People of the Book

Since Alice in Wonderland, fantasy has been a staple of children’s literature.  Today it’s a deep-rooted tree with many branches: medieval, urban, animal, paranormal, horror, space, mythological, dystopian, steampunk, speculative, etc. Plain ol’ fantasy can be defined as stories set in a different world than our own, or in an alternate reality laid beside our own, powered by magic with magical creatures, featuring humans or humanoids (such as wizards and witches) as main characters.

For the spring publishing season, Knopf has been heavily promoting the first volume of a trilogy called The Books of Beginning, by John Stephens. Installment #1, The Emerald Atlas, was released on April 7 to respectable if not rave reviews. The content is as generic as Mr. Stephens’ name. It’s almost as if Knopf is launching a back-to-basics movement: let’s not get carried away by all this dystopian-paranormal-steampunk stuff; here’s a classic in the Tolkein mold!

 The Emerald Atlas, by John Stephens. Knopf, 2011, 432 pages. Age/interest level: 10-14.

The story: Kate barely remembers when her parents disappeared, and her younger siblings Michael and Emma don’t remember them at all. The children have been living a miserable existence (think A Series of Unfortunate Events) until they are sent to Cambridge Falls, a place that exists only in another dimension (like in A Wrinkle in Time and His Dark Materials). There they make the acquaintance of the mysterious Dr. Pym, their new guardian, who knows much more about them than they were led to believe. He knows they are children of destiny (like Percy Jackson) whose parents (like Harry Potter’s) were involved in combating a massive evil plan (like countless fantasy central conflicts, satirized in the title of one of James Patterson’s Maximum Ride installments, Saving the World and Other Extreme Sports). From Dr. Pym’s house, they are launched on an adventure that takes them forward and back in time, touches the magical foundations of reality, plunges them into desperate situations and hairbreadth escapes, and thoroughly confuses the reader—meaning me, who suffers from menopausal memory. Younger readers will enjoy the action and humor and swift pacing, as I did except when confused by the time shifts or distracted by echoes of Lord of the Rings, The Lion, the Witch and the Wardrobe, Orpheus, Star Wars, et al. Every fantasy author draws from a well of common fantasy elements and themes, but the world he constructs should have enough authenticity of its own that the readers doesn’t hear those echoes. The Emerald Atlas doesn’t quite cover its tracks, for me. The author writes well—sometimes beautifully—though I was sometimes distracted by his habit of double punctuation (?!) and run-on sentences.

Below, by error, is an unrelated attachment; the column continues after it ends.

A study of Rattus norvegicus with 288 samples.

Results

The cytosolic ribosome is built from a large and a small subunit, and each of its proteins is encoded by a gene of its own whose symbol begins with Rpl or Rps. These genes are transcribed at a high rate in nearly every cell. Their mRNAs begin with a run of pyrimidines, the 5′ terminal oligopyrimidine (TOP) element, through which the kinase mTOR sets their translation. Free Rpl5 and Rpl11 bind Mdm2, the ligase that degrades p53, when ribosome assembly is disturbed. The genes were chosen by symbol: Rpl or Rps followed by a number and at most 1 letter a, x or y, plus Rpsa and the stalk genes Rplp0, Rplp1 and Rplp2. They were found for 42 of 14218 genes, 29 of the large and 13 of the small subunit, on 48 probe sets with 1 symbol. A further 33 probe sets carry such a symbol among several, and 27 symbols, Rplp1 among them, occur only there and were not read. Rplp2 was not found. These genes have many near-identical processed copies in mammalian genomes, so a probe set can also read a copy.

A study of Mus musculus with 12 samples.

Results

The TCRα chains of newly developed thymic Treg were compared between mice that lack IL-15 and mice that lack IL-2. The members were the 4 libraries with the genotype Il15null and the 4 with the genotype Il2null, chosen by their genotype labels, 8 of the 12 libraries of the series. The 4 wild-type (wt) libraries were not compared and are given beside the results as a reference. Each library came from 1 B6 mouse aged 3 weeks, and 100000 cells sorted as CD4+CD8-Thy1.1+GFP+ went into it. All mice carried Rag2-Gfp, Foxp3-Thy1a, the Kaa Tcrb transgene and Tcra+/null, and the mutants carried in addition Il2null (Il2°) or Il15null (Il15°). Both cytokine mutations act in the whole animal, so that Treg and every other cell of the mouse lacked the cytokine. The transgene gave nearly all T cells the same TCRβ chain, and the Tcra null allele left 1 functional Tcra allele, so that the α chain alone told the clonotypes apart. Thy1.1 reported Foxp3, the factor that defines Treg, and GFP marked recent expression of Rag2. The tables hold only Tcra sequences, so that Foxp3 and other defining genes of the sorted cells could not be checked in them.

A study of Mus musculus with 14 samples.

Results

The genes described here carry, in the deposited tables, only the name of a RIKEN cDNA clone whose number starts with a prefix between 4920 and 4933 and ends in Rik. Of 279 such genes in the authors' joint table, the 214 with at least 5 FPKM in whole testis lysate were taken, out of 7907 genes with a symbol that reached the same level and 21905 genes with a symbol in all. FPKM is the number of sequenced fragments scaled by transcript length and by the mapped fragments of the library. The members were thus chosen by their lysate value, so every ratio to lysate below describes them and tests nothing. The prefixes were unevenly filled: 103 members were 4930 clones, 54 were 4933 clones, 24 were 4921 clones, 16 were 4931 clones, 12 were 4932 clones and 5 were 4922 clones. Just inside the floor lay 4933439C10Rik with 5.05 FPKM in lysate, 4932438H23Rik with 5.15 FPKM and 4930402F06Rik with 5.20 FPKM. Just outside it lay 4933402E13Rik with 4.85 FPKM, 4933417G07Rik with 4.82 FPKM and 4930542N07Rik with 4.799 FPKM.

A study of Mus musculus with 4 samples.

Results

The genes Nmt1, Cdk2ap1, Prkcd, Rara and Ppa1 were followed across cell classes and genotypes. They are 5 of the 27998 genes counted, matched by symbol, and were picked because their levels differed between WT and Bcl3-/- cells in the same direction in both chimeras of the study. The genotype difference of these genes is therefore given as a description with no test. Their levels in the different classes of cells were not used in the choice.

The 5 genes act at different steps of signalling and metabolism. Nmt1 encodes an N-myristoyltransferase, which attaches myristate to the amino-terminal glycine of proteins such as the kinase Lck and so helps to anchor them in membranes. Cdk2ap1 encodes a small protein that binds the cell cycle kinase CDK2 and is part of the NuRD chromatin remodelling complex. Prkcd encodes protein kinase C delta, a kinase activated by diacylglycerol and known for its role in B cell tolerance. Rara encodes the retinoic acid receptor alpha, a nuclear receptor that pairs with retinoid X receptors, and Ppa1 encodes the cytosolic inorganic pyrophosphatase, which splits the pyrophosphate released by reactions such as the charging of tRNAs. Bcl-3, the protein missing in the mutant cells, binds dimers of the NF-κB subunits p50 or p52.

The Atlas of the title is the key to time travel, and I presume that the two other “Books of Beginning” will be central to parts two and three of the trilogy. What I find most interesting, though, is how many fantasies incorporate a magic or secret book that contains the mystery. Endymion Spring (reviewed here; scroll down), Inkheart (ditto), The Tempest, Artemis Fowl, vol. 1, The Secrets of the Immortal Nicholas Flamel, and many more. That seems to be characteristic of western fantasy, though; do Asian and African tales have the same emphasis? I doubt it.

I’m wondering if the Bible, as the foundation-book of western civilization, has planted the idea of “the book” firmly in western consciousness. If so, fantasy is one expression of our deepest desires, answered by faith. The secret book is right under our noses and the quest to understand it is our daily walk. In this world we live in, the morning stars sing for joy, the mountains skip like rams, the trees clap their hands. “Alternative reality” is right here.

Questions to think about:

  • What other fantasies can you name that feature a secret book? How does the book influence the story?
  • The major characters of The Emerald Atlas, besides Kate and her siblings, are Dr. Pym, the Countess, the Secretary, Gabriel, Hamish, and Robbie. What characters from other stories can you compare them to?
  • Choose two or three adjectives each to describe Kate, Michael, and Emma.

COMMENTS

Emily writes about the importance of “a book” to her spiritual enlightenment here and here.   For Bible and Bible-related resources, be sure to check out our Good Book link.


  1. emily April 18, 2011 at 6:58 pm #

    Hmmm. We are a uniquely book-based culture, and really, we are only a few generations from the norm being one book in most homes. I did an interview with a woman born in the first few years of the 20th century, and I found that she read the Bible and her mail–not for entertainment, but only informational.

    My guess, though, is that the love of books in our culture is but an echo, with many readers’ idea of books more in opposition to Scripture. As I recall, authors like George Eliot and Walt Whitman began that tradition a long time ago.